Everyone has stress at some level. Stress is often thought or talked about in a negative way. Stress develops when there is tension between a person, place, or thing. However, there’s good stress and bad stress. The bad kind of stress produces medical, emotional, and relational issues that can lead to breakdowns in every area of our lives. On the other hand, without tension between muscles and tendons we couldn’t use our arms and legs; this is good stress.
Stop for a moment and jot down five major bad stressors in your life. Who or what is pulling on you in a negative way and stealing your joy, rest, and your vitality for life? Here’s some unsolicited advice. Where possible, now may be the time to cut those things or people out of your life. Yes, I know. Shocking, right? It’s true, though, there are some people who use good-hearted people like you and me as their toxic waste dumps, and it is poisoning our systems. You can pray for someone and love someone from a distance, but keeping them at a distance might be the best way to live a life of peace.
The Apostle Paul says in Romans 12:18 (NIV), “If it is possible, as far as it depends on you, live at peace with everyone.” The implication to this exhortation is that some people make it impossible to have a peaceful relationship. They are angry individuals that take their pain out on anyone who will put up with it. Well, today is the day to say, “Enough is enough.” Also, if there are television shows or social media platforms that keep you stirred up and angry, TURN THEM OFF! Stop allowing outside distractions to disturb your internal peace. Call a peace officer. Oh, and by the way, YOU ARE THE PEACE OFFICER.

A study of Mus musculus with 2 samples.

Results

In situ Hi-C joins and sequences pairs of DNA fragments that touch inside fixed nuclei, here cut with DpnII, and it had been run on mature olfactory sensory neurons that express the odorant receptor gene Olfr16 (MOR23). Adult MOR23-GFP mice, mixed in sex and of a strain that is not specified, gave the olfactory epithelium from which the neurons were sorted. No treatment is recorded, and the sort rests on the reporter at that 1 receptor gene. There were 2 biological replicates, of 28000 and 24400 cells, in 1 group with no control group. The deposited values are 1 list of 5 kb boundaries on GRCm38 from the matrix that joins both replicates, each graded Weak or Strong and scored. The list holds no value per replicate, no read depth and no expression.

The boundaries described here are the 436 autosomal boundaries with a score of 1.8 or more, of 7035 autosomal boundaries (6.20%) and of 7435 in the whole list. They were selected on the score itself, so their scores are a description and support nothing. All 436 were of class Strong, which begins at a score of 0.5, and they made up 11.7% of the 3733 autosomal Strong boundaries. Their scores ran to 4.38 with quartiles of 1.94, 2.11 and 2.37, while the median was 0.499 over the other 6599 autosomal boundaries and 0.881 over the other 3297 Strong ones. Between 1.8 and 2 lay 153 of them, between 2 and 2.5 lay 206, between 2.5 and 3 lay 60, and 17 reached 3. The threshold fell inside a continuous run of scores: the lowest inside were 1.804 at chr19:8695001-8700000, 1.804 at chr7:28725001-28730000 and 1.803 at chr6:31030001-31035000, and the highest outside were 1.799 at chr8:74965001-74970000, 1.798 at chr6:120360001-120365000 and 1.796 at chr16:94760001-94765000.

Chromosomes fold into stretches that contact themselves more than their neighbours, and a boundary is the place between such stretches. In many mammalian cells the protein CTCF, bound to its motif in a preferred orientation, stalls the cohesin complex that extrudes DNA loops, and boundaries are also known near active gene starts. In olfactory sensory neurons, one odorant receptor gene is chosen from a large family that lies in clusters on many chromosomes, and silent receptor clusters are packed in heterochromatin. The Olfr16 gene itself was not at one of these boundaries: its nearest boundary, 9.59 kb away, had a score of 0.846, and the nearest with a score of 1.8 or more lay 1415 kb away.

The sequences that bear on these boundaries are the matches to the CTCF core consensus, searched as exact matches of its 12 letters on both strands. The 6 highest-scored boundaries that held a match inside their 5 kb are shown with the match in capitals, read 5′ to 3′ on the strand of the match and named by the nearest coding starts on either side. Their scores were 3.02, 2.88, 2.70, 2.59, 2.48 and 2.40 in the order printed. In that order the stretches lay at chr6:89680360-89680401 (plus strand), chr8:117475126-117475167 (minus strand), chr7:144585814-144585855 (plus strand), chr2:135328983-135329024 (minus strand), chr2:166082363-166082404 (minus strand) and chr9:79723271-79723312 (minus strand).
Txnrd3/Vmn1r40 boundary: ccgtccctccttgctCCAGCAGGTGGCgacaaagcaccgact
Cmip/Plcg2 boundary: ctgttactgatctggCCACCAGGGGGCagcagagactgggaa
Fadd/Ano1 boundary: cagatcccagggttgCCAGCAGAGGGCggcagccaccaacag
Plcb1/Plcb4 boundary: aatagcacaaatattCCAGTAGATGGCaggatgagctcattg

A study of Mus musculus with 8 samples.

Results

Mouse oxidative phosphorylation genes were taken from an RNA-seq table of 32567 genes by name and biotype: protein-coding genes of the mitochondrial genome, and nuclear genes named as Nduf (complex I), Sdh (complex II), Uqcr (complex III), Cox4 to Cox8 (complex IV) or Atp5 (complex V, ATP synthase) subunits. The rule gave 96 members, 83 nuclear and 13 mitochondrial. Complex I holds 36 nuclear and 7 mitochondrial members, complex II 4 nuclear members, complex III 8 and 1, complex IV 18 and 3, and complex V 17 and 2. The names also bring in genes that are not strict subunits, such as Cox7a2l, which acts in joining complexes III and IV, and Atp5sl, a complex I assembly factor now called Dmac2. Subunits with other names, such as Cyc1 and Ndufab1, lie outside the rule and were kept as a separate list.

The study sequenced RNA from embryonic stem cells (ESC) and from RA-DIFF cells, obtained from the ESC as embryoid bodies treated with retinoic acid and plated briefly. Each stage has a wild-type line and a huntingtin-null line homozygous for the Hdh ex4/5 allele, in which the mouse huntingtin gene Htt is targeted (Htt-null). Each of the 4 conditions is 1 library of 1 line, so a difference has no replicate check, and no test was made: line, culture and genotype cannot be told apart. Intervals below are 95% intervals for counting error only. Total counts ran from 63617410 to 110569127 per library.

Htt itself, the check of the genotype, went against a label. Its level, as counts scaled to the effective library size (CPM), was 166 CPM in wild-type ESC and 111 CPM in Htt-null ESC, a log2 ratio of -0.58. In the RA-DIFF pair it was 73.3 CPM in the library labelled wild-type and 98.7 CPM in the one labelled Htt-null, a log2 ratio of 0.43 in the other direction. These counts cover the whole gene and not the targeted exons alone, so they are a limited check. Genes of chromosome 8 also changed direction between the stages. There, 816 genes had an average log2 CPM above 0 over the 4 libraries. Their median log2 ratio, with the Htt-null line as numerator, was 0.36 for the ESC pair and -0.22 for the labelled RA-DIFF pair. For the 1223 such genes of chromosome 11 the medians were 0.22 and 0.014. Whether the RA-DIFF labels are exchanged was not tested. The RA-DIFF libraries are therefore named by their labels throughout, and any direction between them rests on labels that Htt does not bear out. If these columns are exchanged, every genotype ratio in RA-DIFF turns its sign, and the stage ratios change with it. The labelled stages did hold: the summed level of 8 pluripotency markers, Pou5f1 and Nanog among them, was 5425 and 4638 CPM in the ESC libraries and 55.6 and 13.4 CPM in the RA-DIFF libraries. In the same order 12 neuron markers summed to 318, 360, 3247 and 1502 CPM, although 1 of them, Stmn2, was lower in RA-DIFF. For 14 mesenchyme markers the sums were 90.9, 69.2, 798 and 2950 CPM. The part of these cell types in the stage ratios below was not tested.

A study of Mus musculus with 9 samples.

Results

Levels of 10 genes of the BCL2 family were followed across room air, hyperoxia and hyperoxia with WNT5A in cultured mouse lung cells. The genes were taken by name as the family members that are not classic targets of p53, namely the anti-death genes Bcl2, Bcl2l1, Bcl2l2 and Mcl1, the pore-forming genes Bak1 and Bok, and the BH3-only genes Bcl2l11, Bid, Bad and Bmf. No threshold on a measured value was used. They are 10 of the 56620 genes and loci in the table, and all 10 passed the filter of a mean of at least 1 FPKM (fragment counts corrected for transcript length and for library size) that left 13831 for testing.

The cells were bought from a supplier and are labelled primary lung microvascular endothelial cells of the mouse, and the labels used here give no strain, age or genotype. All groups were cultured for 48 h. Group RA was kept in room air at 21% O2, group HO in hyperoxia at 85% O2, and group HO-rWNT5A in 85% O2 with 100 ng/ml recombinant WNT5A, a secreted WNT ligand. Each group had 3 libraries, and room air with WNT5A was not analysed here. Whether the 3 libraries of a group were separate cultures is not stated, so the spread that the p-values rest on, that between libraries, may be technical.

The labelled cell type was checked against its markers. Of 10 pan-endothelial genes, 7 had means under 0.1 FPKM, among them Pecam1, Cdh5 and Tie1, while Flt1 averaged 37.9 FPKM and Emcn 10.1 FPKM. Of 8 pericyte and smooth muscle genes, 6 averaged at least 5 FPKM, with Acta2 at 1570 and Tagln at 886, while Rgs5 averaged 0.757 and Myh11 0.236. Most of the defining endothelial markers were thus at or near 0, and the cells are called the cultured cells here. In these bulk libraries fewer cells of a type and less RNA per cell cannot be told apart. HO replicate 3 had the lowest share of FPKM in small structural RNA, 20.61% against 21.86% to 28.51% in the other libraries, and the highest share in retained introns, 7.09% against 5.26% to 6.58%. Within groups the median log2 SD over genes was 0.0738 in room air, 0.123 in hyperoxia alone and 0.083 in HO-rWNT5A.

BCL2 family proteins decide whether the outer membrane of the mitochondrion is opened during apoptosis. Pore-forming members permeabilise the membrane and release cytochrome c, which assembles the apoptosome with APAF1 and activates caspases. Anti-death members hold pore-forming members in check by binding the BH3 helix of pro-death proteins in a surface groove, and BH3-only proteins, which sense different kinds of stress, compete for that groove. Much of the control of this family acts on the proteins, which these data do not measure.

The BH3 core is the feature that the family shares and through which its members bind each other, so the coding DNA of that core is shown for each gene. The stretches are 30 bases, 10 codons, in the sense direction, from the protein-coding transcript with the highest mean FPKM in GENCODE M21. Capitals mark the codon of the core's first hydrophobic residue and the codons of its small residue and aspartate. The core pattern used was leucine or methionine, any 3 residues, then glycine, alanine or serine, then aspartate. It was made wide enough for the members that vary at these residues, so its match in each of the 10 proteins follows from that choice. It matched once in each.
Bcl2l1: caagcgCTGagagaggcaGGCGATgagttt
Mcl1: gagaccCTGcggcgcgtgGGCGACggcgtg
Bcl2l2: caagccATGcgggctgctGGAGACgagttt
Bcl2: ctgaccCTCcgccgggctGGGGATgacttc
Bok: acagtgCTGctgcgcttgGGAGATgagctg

Here’s another question to consider. What do you do to decompress and renew yourself? I was in a meeting the other day where someone asked the question, “What do you do for fun or to ‘fill your tank?’” I had to stop and think, and honestly I had a difficult time identifying “that thing.” I’m currently reading a book, How Full Is Your Bucket?, by Tom Rath and Donald O. Clifton. This little book stresses the importance of keeping the bucket of your life filled with people who pour into you and not just take from you. It’s not just about allowing others to pour into you and not dip from your bucket; rather it’s also about pouring into others and adding value to their life.
This past week I was part of a four-hour training process where the leader of the organization shared that one of their core values that shapes the culture of the organization is positive affirmation. Their tag line, which goes along with this core value, is See It and Say It. I suggested that they develop a matrix that listed all of the names of the team with the four core values listed. I also suggested they spread the list over a week and pray for each other and prayerfully consider how each one could implement this value with the person for whom they are praying. I suggest that perhaps you would consider doing the same thing.
Here is one last thought to ponder. We just completed our 7th Annual Awards Breakfast, Honoring Women of the Greater Akron Area, #AkronThanksHer. The challenge to those in attendance was to tell the women in our lives why we value and appreciate them. If you have not done that, this serves as your friendly reminder. While we had a specific focus on thanking women, don’t limit your thanks. Simply look for someone in your world who needs someone to pour kindness into their bucket.
This week, don’t feel obligated to allow anything or anyone to disturb your peace, but instead allow the Prince of Peace to rule in your heart.